A slot is a position within a group or series or sequence. A slot can also be a physical opening, such as an aperture in the wing of an aircraft. In computing, a slot can be a place in memory where data is stored, or a software interface. In a slot machine, players insert cash or, in “ticket-in, ticket-out” machines, paper tickets with barcodes into a slot to activate the machine and then spin reels to rearrange symbols to create winning combinations of credits. When a winning combination is struck, the player receives the number of credits stated on the pay table.
In football, a wide receiver that lines up close to the center of the field is known as a slot receiver. These receivers are expected to be reliable targets for the quarterback, especially on obvious passing downs when they can be counted on to break a few tackles and get into the middle of the field for a first down or big gain. A good slot receiver is fast enough to beat linebackers to the ball and has the ability to make defenders miss.
Periodic slots are a special type of time series slot that can be accessed from RPL using standard series syntax, e.g. DateTime: Slot[ ]. The difference between periodic slots and ordinary time series slots is that they have the ability to be configured for periods, intervals, and data interpolation settings. Additionally, they can be used to define a set of lookup values for a particular range of dates.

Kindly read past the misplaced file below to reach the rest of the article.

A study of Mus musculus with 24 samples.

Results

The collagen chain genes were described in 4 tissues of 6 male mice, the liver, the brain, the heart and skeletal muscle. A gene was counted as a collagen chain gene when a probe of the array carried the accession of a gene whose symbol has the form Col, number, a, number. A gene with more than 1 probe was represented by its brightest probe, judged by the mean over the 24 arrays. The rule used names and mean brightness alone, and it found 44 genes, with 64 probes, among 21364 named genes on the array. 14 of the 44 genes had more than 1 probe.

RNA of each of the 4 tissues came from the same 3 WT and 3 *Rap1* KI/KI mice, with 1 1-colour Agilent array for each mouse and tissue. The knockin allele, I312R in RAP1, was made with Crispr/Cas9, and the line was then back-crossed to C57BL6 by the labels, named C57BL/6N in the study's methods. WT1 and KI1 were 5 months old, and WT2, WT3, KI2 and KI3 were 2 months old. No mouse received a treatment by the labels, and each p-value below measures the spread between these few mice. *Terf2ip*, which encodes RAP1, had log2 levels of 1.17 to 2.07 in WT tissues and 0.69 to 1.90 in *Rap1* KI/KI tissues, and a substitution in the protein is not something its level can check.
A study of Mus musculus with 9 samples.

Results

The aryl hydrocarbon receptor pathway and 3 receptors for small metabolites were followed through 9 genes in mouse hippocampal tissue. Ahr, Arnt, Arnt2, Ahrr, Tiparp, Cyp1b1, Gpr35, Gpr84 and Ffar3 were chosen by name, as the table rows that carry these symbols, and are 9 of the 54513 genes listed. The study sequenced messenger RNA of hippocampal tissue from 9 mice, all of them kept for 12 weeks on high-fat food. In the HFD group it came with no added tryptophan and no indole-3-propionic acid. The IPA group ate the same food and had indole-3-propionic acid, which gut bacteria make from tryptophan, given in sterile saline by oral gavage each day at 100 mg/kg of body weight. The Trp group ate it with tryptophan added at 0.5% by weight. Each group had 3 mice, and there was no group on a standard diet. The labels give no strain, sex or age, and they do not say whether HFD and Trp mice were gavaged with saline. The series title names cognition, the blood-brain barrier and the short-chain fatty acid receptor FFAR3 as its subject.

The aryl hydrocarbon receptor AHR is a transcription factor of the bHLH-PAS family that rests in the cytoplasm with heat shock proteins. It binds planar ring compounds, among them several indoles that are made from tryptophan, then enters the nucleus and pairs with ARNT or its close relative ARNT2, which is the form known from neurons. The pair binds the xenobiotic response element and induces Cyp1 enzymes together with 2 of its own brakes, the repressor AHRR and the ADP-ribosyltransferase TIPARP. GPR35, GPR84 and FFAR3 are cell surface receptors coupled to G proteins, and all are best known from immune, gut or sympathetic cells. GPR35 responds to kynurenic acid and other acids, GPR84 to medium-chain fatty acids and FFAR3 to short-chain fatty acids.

When you select a slot in the viewer, it opens its own Slot dialog. From the Slot dialog, you can view a specific scalar or table slot and, if necessary, edit its value directly without first opening the slot’s configuration dialog. In addition, you can use the Compression Mode menu to configure how the slot is compressed.
In an iterative MRM, a periodic slot can be used to store values for a run index. These values can then be used as input to an iteration, allowing you to see how the values have changed over time. In this way, a periodic slot acts as an iterative MRM table.